The only switches I have every worked with are basic switches with on/off state, but I want to be able to add a power button to my project that is just like the power button on a cell phone. (hold for x seconds to power on, hold for x seconds to power off). It should also obviously act similarly to a momentary switch that doesn't depress or change levels when it is clicked.

I know this requires specific programming within the controller; I'm just confused about the best switch setup to accomplish this.

Do I accomplish this with a certain type of momentary switch? I am getting confused by the different types on digikey, such as this one: https://www.digikey.com/product-detail/en/e-switch/TL3315NF100Q/EG4620CT-ND/1870400


You have left very little information as to the type of power source you have and the type of load you mean to switch. If in the case you are dealing with a low DC voltage supply with a load of up to a couple of amperes of current the following circuit topology is suitable for toggling a load on and off with momentary TACT switch.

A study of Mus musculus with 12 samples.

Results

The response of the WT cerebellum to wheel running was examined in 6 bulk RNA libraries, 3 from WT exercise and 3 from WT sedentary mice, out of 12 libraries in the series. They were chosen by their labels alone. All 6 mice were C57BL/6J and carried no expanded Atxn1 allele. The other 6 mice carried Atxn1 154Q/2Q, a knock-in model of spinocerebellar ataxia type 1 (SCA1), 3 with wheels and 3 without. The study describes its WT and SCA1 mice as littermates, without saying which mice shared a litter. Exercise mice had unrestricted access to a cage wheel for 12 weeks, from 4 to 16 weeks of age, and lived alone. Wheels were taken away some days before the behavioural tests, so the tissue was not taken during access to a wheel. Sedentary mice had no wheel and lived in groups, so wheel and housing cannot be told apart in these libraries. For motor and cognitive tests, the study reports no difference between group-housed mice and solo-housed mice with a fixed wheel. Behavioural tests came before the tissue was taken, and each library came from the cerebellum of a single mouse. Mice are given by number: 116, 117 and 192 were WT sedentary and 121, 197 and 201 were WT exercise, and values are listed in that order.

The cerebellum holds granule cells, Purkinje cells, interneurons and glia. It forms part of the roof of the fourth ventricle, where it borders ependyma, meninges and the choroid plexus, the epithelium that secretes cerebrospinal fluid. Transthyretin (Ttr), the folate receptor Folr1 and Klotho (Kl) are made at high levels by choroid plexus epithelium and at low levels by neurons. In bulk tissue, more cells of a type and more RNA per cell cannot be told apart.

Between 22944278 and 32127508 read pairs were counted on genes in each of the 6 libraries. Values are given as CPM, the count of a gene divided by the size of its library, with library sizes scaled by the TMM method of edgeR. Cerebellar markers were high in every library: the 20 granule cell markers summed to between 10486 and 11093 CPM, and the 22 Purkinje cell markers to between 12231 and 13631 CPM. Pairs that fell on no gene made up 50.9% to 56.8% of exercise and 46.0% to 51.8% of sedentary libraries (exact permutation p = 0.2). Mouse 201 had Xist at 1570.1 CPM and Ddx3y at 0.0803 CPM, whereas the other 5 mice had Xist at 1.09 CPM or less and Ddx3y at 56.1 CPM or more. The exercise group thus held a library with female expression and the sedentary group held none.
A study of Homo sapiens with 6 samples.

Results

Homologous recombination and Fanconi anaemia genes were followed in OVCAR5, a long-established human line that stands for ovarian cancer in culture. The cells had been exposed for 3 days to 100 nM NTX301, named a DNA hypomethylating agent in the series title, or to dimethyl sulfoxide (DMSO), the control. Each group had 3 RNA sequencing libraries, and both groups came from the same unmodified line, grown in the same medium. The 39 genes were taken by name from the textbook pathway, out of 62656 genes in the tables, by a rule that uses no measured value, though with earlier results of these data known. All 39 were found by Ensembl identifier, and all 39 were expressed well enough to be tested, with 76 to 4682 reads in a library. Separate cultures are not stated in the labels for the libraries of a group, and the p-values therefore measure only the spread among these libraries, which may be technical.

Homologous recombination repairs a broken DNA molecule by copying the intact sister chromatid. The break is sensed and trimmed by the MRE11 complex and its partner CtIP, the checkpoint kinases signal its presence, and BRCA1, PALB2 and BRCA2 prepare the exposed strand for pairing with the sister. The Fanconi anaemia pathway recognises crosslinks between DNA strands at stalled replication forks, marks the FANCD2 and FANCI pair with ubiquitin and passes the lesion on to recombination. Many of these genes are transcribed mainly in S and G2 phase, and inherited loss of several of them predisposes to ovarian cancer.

If your voltage regulator has an "enable" input, you need to build a diode based OR gate with the power switch and a GPIO as inputs, so you can activate the regulator with the button, and the microcontroller can keep it active when the button is released.

Regulators usually aren't picky about the voltage on the "enable" pin, because if there were a stable voltage source, there wouldn't be a need for a regulator anyway. Your microcontroller, on the other hand, does not tolerate GPIOs being pulled above the supply voltage, so you need a diode to protect it here (Vcc is still off, and the button is connected to an unregulated supply that is likely higher than Vcc).

Turning off from the microcontroller is easy: just pull down the GPIO.

Turning off via button needs more external logic: you want to be able to detect short presses and forward these to a GPIO, and long presses that force poweroff.